What Makes A Good Marriage


The foundation for what makes a good marriage consists of three basic ingredients: love, communication, and compatibility. While some would include financial stability, money or the lack thereof is secondary to a couple's ability to share genuine affection; exchange opinions, ideas and aspirations; and live together harmoniously. A marriage begins first and foremost with love. But true love is not just based on physical attraction alone; it is an emotion that transcends the desire for sexual gratification. The virtue of love empowers and enables husbands and wives to forgo selfishness and become self-less, giving sacrificially and without reservation for the benefit and well being of their mates. Love is what makes a good marriage last for better or for worse, in sickness and in health, and in poverty and wealth until death parts.
"Charity suffereth long, and is kind; charity envieth not; charity vaunteth not itself, is not puffed up. Doth not behave itself unseemly, seeketh not her own, is not easily provoked, thinketh no evil; Rejoiceth not in iniquity, but believeth all things, hopeth all things, endureth all things. Charity never faileth..." (I Corinthians 13:4-8a).

As couples mature in the relationship and in love, communication should be a natural byproduct. When husbands and wives feel free to voice opinions without being criticized, and share ideas and aspirations with a partner who is like minded, communicating becomes second nature. The more couples talk to one another, the less likely the union will end in divorce. Partners who share innermost thoughts and freely express feelings become best friends; and that's what makes a good marriage. Best friends who are married don't need outside influences from family, friends, coworkers or confidantes. A listening ear, an understanding heart, and a mate who knows what to say and when and how to say it all contribute towards a happy home free of friction, disagreement, and frustration. Couples who agree at the dinner table usually have no trouble agreeing in the bedroom. The longer husbands and wives live together in harmony, the easier it becomes to communicate and understand one another, sometimes without saying a word. Partners married for decades sometimes finish one anothers sentences or develop their own language. Verbal conversation gives way to non-verbal and intuitive responses as two totally individual people meld into one.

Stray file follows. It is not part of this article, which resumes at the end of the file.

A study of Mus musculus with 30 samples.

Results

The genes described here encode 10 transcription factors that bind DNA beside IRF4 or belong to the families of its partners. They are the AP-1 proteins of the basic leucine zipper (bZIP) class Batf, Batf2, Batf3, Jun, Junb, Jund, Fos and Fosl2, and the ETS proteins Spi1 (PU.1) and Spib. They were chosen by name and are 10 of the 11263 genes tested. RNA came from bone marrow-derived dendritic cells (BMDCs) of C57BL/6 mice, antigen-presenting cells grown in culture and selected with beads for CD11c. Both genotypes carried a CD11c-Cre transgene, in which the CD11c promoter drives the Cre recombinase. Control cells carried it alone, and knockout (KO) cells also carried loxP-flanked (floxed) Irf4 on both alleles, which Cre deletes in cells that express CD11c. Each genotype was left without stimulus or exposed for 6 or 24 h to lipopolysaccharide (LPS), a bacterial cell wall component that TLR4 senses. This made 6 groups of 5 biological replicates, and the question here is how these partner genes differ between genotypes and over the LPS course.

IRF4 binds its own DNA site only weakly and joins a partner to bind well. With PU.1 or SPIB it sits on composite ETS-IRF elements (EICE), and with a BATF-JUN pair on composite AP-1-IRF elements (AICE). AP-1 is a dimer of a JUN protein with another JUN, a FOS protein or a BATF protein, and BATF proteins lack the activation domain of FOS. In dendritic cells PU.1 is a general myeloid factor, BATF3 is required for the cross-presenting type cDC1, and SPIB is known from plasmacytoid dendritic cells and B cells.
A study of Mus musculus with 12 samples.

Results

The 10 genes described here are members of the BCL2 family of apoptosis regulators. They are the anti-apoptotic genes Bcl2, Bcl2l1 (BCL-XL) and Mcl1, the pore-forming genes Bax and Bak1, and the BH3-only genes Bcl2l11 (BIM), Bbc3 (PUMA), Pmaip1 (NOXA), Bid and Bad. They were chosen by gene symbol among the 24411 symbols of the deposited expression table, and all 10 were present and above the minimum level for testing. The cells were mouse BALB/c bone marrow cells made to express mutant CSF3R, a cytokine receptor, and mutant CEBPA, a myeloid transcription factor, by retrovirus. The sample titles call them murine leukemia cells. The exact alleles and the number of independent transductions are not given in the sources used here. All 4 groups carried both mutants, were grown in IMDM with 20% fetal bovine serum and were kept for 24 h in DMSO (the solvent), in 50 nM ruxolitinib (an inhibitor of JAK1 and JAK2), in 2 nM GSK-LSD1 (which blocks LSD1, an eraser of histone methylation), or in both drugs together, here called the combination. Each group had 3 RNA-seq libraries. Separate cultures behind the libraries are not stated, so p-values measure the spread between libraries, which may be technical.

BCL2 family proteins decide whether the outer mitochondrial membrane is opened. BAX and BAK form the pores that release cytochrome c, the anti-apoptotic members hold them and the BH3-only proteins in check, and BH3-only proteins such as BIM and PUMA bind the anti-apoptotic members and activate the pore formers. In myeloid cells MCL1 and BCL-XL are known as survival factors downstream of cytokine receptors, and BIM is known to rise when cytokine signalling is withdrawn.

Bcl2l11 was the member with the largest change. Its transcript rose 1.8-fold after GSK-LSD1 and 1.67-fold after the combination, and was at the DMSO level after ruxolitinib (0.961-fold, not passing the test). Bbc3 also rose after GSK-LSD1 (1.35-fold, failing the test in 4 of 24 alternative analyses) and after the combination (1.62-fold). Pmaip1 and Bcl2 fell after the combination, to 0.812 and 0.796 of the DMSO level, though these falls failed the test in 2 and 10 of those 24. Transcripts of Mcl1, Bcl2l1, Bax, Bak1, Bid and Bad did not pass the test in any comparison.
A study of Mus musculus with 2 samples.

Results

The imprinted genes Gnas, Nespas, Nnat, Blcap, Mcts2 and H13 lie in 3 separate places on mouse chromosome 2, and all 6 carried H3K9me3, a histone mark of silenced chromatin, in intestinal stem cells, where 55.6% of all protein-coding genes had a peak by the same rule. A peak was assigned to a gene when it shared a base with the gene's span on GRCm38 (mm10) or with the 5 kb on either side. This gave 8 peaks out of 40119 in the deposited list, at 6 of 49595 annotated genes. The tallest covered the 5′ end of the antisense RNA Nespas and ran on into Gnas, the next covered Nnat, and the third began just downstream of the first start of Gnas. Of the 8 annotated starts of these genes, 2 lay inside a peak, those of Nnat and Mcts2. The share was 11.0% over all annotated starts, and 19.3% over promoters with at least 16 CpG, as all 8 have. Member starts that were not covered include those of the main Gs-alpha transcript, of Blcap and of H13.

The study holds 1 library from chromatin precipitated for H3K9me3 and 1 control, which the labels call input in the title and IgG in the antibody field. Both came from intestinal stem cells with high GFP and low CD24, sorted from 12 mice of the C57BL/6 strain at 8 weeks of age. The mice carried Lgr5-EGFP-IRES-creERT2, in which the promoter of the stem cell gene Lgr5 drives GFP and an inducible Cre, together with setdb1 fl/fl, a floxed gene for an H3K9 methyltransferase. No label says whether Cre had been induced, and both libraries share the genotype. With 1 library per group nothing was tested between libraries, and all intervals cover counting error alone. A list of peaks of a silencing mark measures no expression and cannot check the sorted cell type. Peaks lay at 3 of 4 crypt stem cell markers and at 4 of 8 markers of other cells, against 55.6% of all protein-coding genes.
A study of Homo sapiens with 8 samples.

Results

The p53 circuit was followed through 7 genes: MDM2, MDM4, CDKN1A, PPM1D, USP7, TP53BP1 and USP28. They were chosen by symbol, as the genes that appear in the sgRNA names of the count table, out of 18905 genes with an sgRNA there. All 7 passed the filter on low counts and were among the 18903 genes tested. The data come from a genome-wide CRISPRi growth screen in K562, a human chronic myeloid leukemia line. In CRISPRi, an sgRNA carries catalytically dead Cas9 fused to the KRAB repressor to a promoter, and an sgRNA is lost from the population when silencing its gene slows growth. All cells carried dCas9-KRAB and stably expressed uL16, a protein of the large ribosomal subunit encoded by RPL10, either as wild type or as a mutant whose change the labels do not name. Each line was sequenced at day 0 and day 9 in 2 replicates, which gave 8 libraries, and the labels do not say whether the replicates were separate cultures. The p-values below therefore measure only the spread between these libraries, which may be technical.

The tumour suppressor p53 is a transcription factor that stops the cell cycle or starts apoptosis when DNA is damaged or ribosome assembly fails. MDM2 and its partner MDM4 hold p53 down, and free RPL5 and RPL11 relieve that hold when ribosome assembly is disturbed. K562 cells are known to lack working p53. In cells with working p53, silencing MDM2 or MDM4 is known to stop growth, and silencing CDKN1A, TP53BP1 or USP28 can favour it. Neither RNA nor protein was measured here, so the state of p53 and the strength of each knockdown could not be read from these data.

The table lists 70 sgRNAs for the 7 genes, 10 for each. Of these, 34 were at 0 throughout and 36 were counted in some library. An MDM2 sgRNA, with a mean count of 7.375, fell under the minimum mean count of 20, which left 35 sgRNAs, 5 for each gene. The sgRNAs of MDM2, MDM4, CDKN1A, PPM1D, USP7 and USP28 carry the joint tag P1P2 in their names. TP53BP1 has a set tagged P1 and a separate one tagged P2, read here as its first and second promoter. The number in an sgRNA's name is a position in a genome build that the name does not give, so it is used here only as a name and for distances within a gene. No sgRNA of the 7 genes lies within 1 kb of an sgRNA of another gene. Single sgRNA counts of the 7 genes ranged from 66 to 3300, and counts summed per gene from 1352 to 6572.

Finally, what makes a good marriage a lifelong love story is compatibility. The motivation for couples to decide to wed is largely based on physical attraction and common interests. But after years of living together, differences in personality and temperament begin to disappear as they become one in mind, thought processes, and purpose. For instance, a husband who does not like pie filling prefers to eat only the crust. However, his wife hates the crust and will only eat the filling. The two of them can share a single piece of pie and both are satisfied. What makes a good marriage is that lifelong partners develop methods of capitalizing on each others strengths and weaknesses. A computer-illiterate husband needs a wife who understands how to navigate the Internet; and an all-thumbs wife can benefit from marrying a husband who is handy with a hammer. Similarly, a spouse who is unable to handle stress and pressure can benefit from a mate who remains cool, calm and collected under a crisis. A good marriage becomes even better when two compatible halves are joined together to make a whole.

While money or the lack thereof can have a negative or positive affect on what makes a good marriage, a couple's ability to love in spite of the size of their bank account is essential. No one should base a decision to marry solely on money. In an uncertain economy fortunes can be lost in a single day; and time and chance can cause a pauper to become a prince overnight. It takes money to live, but it takes love to make a marriage last. True love is malleable enough to endure the good times and the bad; and genuine love doesn't walk out the door when the job ends or the house is foreclosed. But heartfelt, enduring compassion waits patiently without complaining and does not mind sharing the burden of chronic illness, bankruptcy or the loss of a loved one. Those who first value true love; secondly, are able to communicate emotion, and thirdly, consistently utilize personal strengths and weaknesses for the common good will discover what makes a good marriage and endeavor to protect it.